For the first time in his young NFL career, Bears quarterback Mitchell Trubisky is in the midst of a stable offseason.
As a rookie, he had to learn a new playbook and adjust to the NFL lifestyle. He had to learn another new playbook last season with head coach Matt Nagy taking over the offense. This year, though, he feels confident in understanding the Bears’ system.
“We have a huge head start on the offense, having gone through it for a year,” Trubisky said. “We know exactly what to expect, we know how coach is going to run training camp, how to prepare. I think we’re just ahead of schedule, so it’s just for us, being on top of everything, going through the details and really mastering this offense and just getting everyone in the same page and the same direction.”
The signal-caller, who is a year removed from a 2018 season which saw him become the first Bears quarterback to make the Pro Bowl since Jim McMahon in 1986, made significant improvements in his second season. With another offseason to improve, though, he feels that the best is yet to come.
“I think just overall knowledge helps you play faster as a quarterback,” he explained. “You’re not thinking about your steps, who’s where or where the protection is going. You’re able to just get up there, make the MIKE call, know where everyone is going to be within the route concept and just play football. Instead of thinking, I’m just out there playing, and I feel like I can see a lot of that throughout camp: just taking that next step and getting even better within this offense.”
Coming off of a 12-4 season that saw them win the NFC North for the first time since 2010, the Bears have plenty to be confident about this year. However, last year ended in premature fashion with a loss to the Eagles in the wild card round at home. With the unity they have showed in the locker room, though, they are ready and prepared to succeed heading into the new year.
“We got a lot of guys coming back; I think that’s a huge advantage for us. We’re just going to be super competitive throughout camp and put in the work.
“It’s really easy to work with the guys in the locker room,” he told Windy City Gridiron. “We’re a very focused, hungry group. We know our goals, we know how to come into work every day, and it just makes everything that much more fun.”
Trubisky spoke with the media at the Hyundai Youth Football Camp in Rosemont on Saturday. There, he participated in fundamental football drills with hundreds of campers ranging from between the ages of 7 and 13 years old.
Helping out in the community has played a big role in his past offseasons with the Bears, having attended several youth camps in recent years, including another camp in his hometown of Mentor, Ohio.
“I’m lucky Hyundai asked me to be a part of this camp. I just had my other youth camp back home in Mentor, so I’m just coming from that. It’s the same exact thing that I was doing growing up, looking forward to these camps, looking up to people who taught me the game—the coaches, the players—and just come up here, play the game.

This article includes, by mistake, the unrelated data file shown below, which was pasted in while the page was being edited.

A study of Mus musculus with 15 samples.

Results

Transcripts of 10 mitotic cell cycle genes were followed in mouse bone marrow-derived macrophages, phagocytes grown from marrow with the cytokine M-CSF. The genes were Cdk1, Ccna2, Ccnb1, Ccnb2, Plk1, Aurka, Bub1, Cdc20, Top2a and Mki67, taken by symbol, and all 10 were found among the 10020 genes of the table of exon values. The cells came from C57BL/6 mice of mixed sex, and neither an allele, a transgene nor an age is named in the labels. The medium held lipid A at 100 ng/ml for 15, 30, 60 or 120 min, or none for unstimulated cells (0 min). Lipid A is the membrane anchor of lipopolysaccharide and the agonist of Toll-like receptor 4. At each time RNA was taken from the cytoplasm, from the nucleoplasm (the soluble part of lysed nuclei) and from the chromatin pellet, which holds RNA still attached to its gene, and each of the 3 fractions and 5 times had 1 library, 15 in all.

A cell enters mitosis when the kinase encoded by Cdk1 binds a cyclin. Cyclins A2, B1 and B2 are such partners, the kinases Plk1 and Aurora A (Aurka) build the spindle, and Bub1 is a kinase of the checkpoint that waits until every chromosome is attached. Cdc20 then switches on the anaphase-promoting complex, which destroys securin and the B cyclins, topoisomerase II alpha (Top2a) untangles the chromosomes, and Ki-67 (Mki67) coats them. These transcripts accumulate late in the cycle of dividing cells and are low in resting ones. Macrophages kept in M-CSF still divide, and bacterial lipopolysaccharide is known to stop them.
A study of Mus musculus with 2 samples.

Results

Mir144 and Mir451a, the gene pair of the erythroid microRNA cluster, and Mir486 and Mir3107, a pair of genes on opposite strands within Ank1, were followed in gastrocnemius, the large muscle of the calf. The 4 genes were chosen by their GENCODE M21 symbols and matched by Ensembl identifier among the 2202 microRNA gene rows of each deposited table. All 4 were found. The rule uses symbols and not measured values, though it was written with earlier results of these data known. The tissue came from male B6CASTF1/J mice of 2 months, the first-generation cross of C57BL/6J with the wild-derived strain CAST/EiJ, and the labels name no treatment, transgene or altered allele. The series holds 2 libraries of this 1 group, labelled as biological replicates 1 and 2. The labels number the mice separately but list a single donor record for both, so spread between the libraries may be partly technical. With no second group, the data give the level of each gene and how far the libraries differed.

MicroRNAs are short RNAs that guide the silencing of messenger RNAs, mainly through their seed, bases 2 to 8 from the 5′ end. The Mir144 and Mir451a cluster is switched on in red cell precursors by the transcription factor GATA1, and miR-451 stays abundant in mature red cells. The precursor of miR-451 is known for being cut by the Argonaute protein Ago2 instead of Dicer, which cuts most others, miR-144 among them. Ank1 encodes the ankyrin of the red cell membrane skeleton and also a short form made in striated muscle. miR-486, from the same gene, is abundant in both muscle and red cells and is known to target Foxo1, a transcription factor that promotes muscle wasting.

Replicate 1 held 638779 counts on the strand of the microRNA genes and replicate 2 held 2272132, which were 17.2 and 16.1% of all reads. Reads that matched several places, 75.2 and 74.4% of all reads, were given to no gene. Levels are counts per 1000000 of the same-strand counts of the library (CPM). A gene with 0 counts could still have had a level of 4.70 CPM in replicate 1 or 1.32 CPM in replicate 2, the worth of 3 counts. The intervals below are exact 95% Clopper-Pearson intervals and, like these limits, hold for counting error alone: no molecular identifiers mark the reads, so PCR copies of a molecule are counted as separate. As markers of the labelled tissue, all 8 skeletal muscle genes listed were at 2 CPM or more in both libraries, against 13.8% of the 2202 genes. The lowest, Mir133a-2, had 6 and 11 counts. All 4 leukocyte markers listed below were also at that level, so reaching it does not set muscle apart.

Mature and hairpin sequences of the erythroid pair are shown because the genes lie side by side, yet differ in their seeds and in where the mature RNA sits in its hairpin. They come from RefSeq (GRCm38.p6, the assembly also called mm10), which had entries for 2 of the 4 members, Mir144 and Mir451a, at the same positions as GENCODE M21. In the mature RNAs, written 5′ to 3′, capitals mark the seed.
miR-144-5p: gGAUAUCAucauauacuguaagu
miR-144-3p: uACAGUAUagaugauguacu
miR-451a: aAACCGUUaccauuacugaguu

“It’s awesome to get that opportunity to come out here, have fun, be around friends and just play the game of football. I’m just very lucky to be a part of something and give the game back to the kids the same way it was given to me when I was younger.”
With his own training and helping lead youth football camps, Trubisky has had plenty to do this offseason. Among those commitments was the Bears100 Celebration in the beginning of June, where Bears players from the past and present came together in an event that brought in thousands of fans in attendance.
“The number one thing [from that weekend] had to be meeting the legends and everyone who came back...just meeting them and how much they loved playing in Chicago, and just seeing their relationships with their former teammates and how it goes beyond the game of football.
“And number two, it had to be the fans, because there wouldn’t be any of us without them. We wouldn’t be able to play this game without them. We wouldn’t be as popular or famous or however you want to put it without them and their love for this sport and the Chicago Bears. It was cool to see how many people showed up and supported that weekend, and it was awesome to meet all the former players, legends and Hall of Famers. It was really cool.”
While on a panel over that weekend, he was notably given a headband and sunglasses from McMahon, who made the look famous while under center with the Super Bowl-winning Bears team in 1985. Though a light-hearted gesture with some comedic effect, some fans saw it as a passing of the torch, igniting comparisons from this year’s team to the iconic championship squad.
“I don’t know if I’ve heard a lot of the comparisons—I don’t really pay attention to that much,” Trubisky said. “But I think we came up short last year, and we felty like we left a lot on the table. I think that just motivates us more for this year, and we have our goals set ahead of us. We’re a smart group, and we know not to get ahead of ourselves, so we’ve got a lot of work to do in the meantime, and we’re just going to take it one day at a time.
“You’ve got to take advantage of each opportunity, each moment to propel yourself to the direction you want to go, so we’ve got a long way to go. Maybe if we put in the work, we’ll be able to look back at the end of the year and say, ‘we really did it’.”